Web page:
Global Mapper in the Classroom – Teachers Share Their Experiences
At the time of writing, Blue Marble’s Academic Month is well underway. We began the proceedings a couple of weeks ago with an interesting and enjoyable webinar, during which we heard from a number of teachers and students about how they are using Global Mapper for their teaching and research projects. I am continually amazed when I hear about the creative and innovative ways in which the software is being applied in academia, not only for instruction but also for community outreach and engagement. It is gratifying to know that Global Mapper is playing a significant role in the work of mitigating environmental and social issues, and that many of these efforts are being spearheaded by students. More about this below.
Hot on the heels of the webinar, the Blue Marble training team hosted a three-hour workshop for faculty (and a few gate-crashing students). This free hands-on session had the dual purpose of providing some insights on how to teach the principles of GIS using Global Mapper, while simultaneously introducing the revamped Global Mapper Academic Curriculum materials to the teachers and course designers in attendance. Judging by the follow-up reaction, it was a job well done on both scores.
The aforementioned materials, which are comprised of 12 individual labs, each of which introduces a specific aspect of geospatial data processing and analysis, are available free of charge to all universities and colleges. The package includes detailed written instructions complete with screenshots, as well as all of the required data files. Click here to request a copy of the lab materials for your classes.
Another noteworthy Academic Month activity is a student edition of the Where in the World Geo-Challenge; a geography quiz for anyone enrolled in a school or college (sorry teachers, this is just for students). The premise is simple: Identify all of the locations or geographic features represented in the satellite images and your name will be entered for a chance to win a copy of Global Mapper Pro, scheduled for release later next month. Judging by the early entrants, today’s students seem to be geographically proficient.
Speaking of Global Mapper Pro, it was recently announced that, as well as the usual $500 award, the winner of the Blue Marble Academic Scholarship will be receiving a copy of this new, more powerful version of the software. Teachers, as you return to class in a couple of weeks, please remind your students to submit a project report, thesis, poster, or any academic endeavor using Global Mapper, and they could be selected as the winner. The deadline is still a few months away but it might serve as an incentive for your students to work a little harder on their term paper.
As mentioned above, the kick-off to the academic month was a webinar featuring educators from a variety of academic settings sharing their experiences with Global Mapper. In case you missed the live event, here is a summary of their work.
Dr. Tora Johnson, Director of the Geographic Information Systems Laboratory at the University of Maine at Machias, used her presentation to introduce the various courses and classes at the university that make use of Global Mapper. She also cited the usefulness of the Global Mapper curriculum materials, not only for her students, but also for the teaching staff as they expand their knowledge about the capabilities of the software. A major portion of Dr. Johnson’s presentation highlighted several projects that her students have worked on within the local community, addressing such issues as coastal inundation and dam removal.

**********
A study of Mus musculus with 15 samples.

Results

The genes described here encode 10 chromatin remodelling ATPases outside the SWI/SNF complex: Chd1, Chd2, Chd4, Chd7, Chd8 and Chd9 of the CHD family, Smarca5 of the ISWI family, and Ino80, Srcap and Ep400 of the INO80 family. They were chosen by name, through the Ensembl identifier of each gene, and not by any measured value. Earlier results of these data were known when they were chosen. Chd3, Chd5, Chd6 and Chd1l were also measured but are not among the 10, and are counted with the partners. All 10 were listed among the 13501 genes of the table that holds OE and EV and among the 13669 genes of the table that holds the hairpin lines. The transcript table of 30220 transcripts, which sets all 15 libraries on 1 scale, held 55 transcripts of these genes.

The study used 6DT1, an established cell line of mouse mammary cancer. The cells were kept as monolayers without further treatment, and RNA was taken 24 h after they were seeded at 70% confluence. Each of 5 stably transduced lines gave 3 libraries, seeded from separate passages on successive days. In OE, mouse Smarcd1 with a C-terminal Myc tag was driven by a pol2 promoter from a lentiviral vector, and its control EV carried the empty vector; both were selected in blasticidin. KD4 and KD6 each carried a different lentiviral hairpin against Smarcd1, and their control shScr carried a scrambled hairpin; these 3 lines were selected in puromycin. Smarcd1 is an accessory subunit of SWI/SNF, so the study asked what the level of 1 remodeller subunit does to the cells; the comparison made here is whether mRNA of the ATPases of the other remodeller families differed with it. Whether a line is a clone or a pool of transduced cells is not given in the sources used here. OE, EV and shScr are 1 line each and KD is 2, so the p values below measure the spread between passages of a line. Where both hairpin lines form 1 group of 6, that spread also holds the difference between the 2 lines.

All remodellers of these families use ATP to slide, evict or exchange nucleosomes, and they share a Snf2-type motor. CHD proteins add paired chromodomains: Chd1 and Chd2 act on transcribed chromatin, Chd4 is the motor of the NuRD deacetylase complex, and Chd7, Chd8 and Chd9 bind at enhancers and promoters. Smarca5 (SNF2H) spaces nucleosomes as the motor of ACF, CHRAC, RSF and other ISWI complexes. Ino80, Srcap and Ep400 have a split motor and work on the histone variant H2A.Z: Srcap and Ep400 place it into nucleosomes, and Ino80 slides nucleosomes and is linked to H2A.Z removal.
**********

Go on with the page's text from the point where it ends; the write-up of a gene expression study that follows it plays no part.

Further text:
Kelsi Schwind, a doctoral student pursuing her degree in Coastal and Marine System Sciences at Texas A&M University – Corpus Christi, and a past recipient of the Global Mapper Scholarship, showed the use of Global Mapper in academia from a different perspective. Her fascinating presentation summarized her research on the impact of Hurricane Michael on the coastal dunes along the panhandle of Florida. Using a variety of Global Mapper’s 3D analysis techniques, she was able to model and measure the effects of the storm on the dune morphology along the barrier islands. During her presentation, Kelsi repeatedly cited how Global Mapper was an essential tool in her work.
Moving back into the classroom, our third presenter was Richard Friedman, adjunct instructor for the Geographic Information Science and Technology Program at San Juan College in Farmington, New Mexico. During the introduction to his presentation, Richard echoed a common refrain heard from numerous teachers: ‘Global Mapper is ideal for students because it is easy to learn’. Of particular interest was his account of how his students use Global Mapper’s Pixels to Points tool for drone image analysis and for managing and processing the resulting 3D point cloud.
For our final presentation, we heard from an instructor who works in a unique teaching environment. Santiago Medina, a native of Buenos Aires, Argentina, and former Infantry Officer in the Argentine Army, is currently a mountain guide and teacher. In his classes, he introduces his students to the art and science of creating high-quality topographic maps using DEM data in Global Mapper. With a dearth of up-to-date maps covering the Andes, this teaching program has allowed his students to confidently venture into previously uncharted terrain.
One of the common threads cited by each of our presenters is that Global Mapper is ideally suited for GIS education; whether in a teaching/learning setting, or for advanced research. If you want to find out if it will fit into your curriculum, visit the Blue Marble Academic Programs web page for more information or to request a license.